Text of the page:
Former Western Sydney Wanderers import Vitor Saba has launched a scathing attack on coach Tony Popovic, branding him a “bully” who made his life miserable at Wanderland.
The enigmatic Brazilian midfielder, who has set his sights on an A-League return, left Australia within seven months after a bitter fallout with Popovic over his work rate and role in the team.
Saba claims he paid $158,000 to buy himself out of his contract with Italian outfit Brescia to join the Wanderers but insists a climate of fear pervades under Popovic - who has led Wanderers to AFC Asian Champions League triumph, a Premiers Plate and two grand finals in his three-and-a-half seasons at the helm.
“The players fear him ... they don't respect him, they fear him because he is always unfair,” claimed Saba, who is currently contracted to Greek Super League side Kalloni but is believed to be in preliminary talks with clubs over a possible A-League comeback.
“He punishes. That’s not how a football environment should be; with punishment and bullying.
"He would punish players in front of the others, so everyone could see what he was capable of. Physical trainings by yourself was his favourite.
"There were also fines flying around for no reason."
Assiduously courted by Popovic for over two years before finally joining the Wanderers in June 2014, Saba played just 15 games in all competitions before being released by “mutual consent” last January.
Saba said he knew his days were numbered when, after a bust-up with Popovic in his office, he was told he could leave and was then forced to train away from the first team squad with a group of out of favour players including Daniel Mullen, Kwabena Appiah and Seyi Adeleke.
"He made our lives inside the club very bad; taking us out from the team talk; putting us aside in every aspect of training just to make us feel bad and to ask for the release,” Saba said.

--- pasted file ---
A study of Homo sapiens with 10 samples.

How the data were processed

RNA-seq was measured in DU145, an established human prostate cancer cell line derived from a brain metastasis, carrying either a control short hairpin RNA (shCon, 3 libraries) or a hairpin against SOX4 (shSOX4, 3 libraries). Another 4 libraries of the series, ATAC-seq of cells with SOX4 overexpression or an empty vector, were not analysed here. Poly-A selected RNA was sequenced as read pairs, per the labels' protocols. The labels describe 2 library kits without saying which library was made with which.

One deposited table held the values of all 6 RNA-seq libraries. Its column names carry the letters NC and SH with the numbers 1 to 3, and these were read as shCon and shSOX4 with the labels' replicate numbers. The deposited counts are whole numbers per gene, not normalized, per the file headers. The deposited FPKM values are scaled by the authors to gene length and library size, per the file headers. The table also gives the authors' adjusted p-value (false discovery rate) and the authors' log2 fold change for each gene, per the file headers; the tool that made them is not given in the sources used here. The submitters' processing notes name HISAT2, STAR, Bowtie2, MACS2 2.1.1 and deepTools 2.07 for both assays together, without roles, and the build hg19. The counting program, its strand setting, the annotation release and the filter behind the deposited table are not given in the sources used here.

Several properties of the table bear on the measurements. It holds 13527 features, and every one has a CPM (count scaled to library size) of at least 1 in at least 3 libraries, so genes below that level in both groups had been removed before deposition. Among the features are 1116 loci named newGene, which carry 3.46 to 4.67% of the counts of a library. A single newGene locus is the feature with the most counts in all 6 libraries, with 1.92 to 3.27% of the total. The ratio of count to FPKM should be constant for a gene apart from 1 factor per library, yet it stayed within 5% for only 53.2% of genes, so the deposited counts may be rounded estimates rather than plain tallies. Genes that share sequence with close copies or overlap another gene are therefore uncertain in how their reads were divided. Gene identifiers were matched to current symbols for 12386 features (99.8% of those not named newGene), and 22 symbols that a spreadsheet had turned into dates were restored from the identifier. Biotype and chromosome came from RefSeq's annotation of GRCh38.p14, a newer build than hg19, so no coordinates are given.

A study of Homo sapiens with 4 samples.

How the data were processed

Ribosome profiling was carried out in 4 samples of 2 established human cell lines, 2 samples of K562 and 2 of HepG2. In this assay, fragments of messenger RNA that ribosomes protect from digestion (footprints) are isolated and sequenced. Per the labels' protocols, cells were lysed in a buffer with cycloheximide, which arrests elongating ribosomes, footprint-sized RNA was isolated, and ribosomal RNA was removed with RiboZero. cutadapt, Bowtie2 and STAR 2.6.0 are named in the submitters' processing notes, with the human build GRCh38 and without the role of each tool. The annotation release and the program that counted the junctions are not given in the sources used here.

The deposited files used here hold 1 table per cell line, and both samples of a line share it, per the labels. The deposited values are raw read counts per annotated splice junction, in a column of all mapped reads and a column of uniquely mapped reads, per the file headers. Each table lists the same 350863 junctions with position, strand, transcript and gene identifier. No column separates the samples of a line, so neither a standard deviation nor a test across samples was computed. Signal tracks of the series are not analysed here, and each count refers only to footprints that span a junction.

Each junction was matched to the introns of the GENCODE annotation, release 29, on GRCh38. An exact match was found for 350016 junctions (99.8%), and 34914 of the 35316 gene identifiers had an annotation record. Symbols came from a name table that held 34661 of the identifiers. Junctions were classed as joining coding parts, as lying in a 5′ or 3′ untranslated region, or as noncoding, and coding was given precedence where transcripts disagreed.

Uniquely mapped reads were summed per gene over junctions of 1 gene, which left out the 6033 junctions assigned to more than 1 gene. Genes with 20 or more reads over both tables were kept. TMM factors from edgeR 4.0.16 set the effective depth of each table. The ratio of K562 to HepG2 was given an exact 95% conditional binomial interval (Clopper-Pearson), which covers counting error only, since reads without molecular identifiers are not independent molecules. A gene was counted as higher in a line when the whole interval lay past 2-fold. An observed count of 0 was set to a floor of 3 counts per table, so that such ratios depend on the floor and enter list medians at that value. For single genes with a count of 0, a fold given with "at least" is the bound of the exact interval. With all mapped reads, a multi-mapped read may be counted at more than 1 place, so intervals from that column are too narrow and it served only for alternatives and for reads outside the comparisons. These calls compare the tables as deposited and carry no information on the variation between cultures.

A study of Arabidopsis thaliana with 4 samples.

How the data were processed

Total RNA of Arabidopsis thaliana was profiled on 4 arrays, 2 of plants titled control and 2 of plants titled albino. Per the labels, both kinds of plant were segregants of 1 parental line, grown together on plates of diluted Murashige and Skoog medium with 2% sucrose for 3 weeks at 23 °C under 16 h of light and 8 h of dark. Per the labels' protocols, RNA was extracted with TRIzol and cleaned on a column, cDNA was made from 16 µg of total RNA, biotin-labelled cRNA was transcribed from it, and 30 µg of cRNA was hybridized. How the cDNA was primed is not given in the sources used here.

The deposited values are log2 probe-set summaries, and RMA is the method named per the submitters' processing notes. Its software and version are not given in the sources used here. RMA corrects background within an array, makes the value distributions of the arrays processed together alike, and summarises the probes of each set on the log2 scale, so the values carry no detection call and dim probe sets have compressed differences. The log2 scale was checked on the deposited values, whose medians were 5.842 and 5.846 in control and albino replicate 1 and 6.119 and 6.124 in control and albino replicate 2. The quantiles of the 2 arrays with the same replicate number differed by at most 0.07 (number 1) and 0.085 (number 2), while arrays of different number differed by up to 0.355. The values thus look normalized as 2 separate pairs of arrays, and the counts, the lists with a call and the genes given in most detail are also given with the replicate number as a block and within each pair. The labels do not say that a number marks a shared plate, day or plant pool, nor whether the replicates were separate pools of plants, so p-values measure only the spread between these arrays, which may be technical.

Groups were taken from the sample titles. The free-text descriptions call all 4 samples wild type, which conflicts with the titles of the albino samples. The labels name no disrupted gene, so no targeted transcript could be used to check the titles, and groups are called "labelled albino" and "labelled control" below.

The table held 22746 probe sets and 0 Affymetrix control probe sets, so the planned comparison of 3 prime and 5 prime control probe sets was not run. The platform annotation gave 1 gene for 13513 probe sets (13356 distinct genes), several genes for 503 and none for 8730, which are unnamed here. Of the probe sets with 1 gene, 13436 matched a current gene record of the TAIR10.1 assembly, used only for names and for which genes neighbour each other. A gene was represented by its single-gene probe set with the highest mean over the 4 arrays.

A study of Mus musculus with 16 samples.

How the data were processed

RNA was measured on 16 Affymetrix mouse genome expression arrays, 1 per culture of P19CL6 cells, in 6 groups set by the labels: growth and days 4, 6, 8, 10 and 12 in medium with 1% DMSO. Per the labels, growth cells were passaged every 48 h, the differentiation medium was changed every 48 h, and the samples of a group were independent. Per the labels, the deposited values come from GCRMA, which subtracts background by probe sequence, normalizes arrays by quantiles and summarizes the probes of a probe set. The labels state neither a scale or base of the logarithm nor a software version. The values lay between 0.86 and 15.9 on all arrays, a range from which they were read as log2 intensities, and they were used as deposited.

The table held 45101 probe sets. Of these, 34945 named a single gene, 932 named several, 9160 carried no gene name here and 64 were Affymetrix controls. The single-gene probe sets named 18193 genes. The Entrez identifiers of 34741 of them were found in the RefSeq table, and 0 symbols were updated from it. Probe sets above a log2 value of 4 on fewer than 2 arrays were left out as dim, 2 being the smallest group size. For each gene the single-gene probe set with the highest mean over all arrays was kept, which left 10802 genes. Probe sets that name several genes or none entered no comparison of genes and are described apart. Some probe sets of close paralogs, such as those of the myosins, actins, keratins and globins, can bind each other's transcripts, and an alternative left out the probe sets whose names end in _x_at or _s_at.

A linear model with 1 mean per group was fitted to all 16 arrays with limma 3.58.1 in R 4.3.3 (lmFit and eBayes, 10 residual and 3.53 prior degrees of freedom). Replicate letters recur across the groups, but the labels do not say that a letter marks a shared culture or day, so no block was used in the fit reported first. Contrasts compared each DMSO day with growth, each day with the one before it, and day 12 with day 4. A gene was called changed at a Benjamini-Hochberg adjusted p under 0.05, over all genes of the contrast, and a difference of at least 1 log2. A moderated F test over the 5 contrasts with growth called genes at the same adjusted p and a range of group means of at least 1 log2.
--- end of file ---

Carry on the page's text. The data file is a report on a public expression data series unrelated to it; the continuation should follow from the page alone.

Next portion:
Saba even accused Popovic of physically intimidating him, declaring that after he agreed that he should leave the club during that stormy meeting: “Popovic got up, gave me a slap-push on the back and said, 'ok you can go then'."
A team-mate of the great Ronaldinho’s at his first club Flamengo, Saba said the seeds of his exit were sewn the day he arrived in Australia.
“I didn't know that all of that love and confidence shown from him towards me would disappear after the first day at Sydney," he said.
“I arrived at 5.45am; they put me in a car and drove me directly to the training centre. After days of travel, I go directly to training.
"He brought me inside his office and said: 'Here no one has better treatment than the others.
"The players need to have a hard time. Only like this we can win. We work very hard. That’s why you come directly to training after a long flight."
"His tone was very hard."
Saba, 25, said the workload was “insane” under Popovic and “twice as hard” as Italy in his two seasons with Brescia.
The pair clashed over how Saba thought he should be utilised, with Popovic snuffing out his hopes of a free role whilst being unimpressed with his output and effort during training.
“He tried to change the way I played," Saba said. "Popovic told me: 'I don’t want you running around to get the ball like you did in Brazil and in Italy.
"I want you to stay in the middle and wait for the ball to come to you. Less dribbling. Only two touches on the ball. But that was not me. I am used to being the playmaker and having freedom.
"At Wanderers, I was always on the bench. He used to call me aside and say I was the most talented player he had worked with. Even more talented than Shinji Ono, but I had to play the way he wanted me to play."
The pair's relationship was acrimonious to the end, with Saba claiming Popovic made his release conditional on a rival A-League club not signing him.
“He told my agent he could find me another team, but not inside the A-League. I was devastated by that.”
A source close to Popovic said of Saba's claims: “The Wanderers had high hopes of Saba and there is no doubting that he has great ability.
"But his training levels and his output were between 40 and 60 per cent lower than his teammates.
“With Tony Popovic, how you train is how play. He was very disappointed with how things went because he was expecting big things from Saba and it just didn't happen."
But Saba, who was last month linked with the Newcastle Jets, countered: “I tried … I really did.
"Players used to come to me and say how I was still on the bench and never given a chance, while Popovic put players from other positions to play as number 10, like Mark Bridge, who is winger.”
Saba, who has made 15 appearances for rock bottom Kalloni this season, feels he has a point to prove in the A-League and is looking for the chance to make more of an impact second time around should a club take a gamble on him.